Updated on September 23, 2022
What's troubling is that a significant percentage of these people have health insurance.
As the cost of medical care continues to rise, consumers are bearing a greater share of their medical expenses. The additional cost-sharing comes in many forms, including higher deductibles and co-payments, separate deductibles for hospital admissions and the move from fixed-fee co-payments to percentage-based "coinsurance." In some cases, health plans are widening limits on coverage of certain treatments.
"We're looking really at the tip of what's happened with the erosion of benefits as employers and plans start to share the costs with employees," said Michelle M. Doty, a senior analyst at The Commonwealth Fund and author of a recent study examining the insurance trend. "We're going to see more of this," she predicted.
The resulting cost-shift can be a real strain on family budgets, particularly for low-income Americans who are pinching pennies to begin with and people suffering from chronic or multiple health conditions.
In 2003, one in five working-age Americans with chronic health problems -- some 12.3 million people -- lived in families that had problems paying medical bills, according to an analysis published last year by the Washington, D.C.-based Center for Studying Health System Change (HSC).
More recently, Doty and her colleagues reported that almost two out of five U.S. adults -- an estimated 77 million people -- have difficulty paying medical bills or are struggling with medical debt. Seventy percent of the people overwhelmed by medical debt and 57 percent of those with current bill-paying problems said they were insured at the time their difficulties began, the study found.
For some families, filing for personal bankruptcy may be the only way to escape the debt they've piled up. According to a Harvard study released last year, illness and medical bills contributed to roughly half of personal bankruptcy filings in 2001. More than 75 percent of the filers were insured when they incurred the debt that set them back, yet many lost coverage during their illness.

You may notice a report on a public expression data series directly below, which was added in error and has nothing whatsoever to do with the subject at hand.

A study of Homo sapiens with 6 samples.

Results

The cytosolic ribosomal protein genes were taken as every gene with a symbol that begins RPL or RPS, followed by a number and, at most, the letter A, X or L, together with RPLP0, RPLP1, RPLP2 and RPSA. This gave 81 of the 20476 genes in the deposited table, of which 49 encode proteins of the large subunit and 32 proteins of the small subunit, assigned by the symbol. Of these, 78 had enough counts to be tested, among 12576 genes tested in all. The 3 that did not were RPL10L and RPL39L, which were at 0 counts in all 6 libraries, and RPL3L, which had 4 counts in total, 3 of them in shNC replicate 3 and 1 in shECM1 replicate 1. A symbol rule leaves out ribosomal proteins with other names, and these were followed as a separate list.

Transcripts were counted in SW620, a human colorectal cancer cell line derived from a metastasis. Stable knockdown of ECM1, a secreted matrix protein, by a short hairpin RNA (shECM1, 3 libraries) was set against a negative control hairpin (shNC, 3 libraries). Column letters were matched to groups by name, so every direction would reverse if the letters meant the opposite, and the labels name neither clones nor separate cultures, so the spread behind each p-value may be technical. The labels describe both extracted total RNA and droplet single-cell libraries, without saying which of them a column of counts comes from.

But an overhaul of federal bankruptcy laws that took effect in October makes it tougher to extinguish those debts. Based on income, some Americans will have to repay some of what they owe.
If you have health insurance, there are a few things you can do to help avoid financial trouble.
"Here's the best advice I can give every American who has health insurance: Understand how your policy works. Understand the limits and understand where the 'carrots' are," said Alwyn Cassil, a spokeswoman for HSC.
For example, if you are enrolled in a preferred provider organization, try to use doctors and hospitals that participate in the provider network. You'll get a substantial discount on "in-network" services and your out-of-pocket costs will be lower than if you were to see out-of-network providers, she said.
If you're having an elective procedure, try not to get stuck with bills from hospital-based physicians who don't contract with your health plan. Find out ahead of time whether the anesthesiologist, radiologist or pathologist who will participate in your care is a member of the provider network. These specialists may not have agreements with your insurer, Cassil warned, even if your hospital and surgeon do.
To save money on drugs, investigate alternatives. "Oftentimes you can save significant money by going mail order or generic or switching from a non-preferred brand to a preferred brand," she noted.
If your health plan imposes an annual limit on, say, physical therapy or mental health visits, try to time your care so you won't have to pay for extra visits out of pocket.
As for patients who are already in debt, "Don't stick your head in the sand," Cassil urged. "Talk to the people you owe money to and see what you can negotiate. See what you can work out."
The U.S. Agency for Healthcare Research and Quality has information on controlling health costs.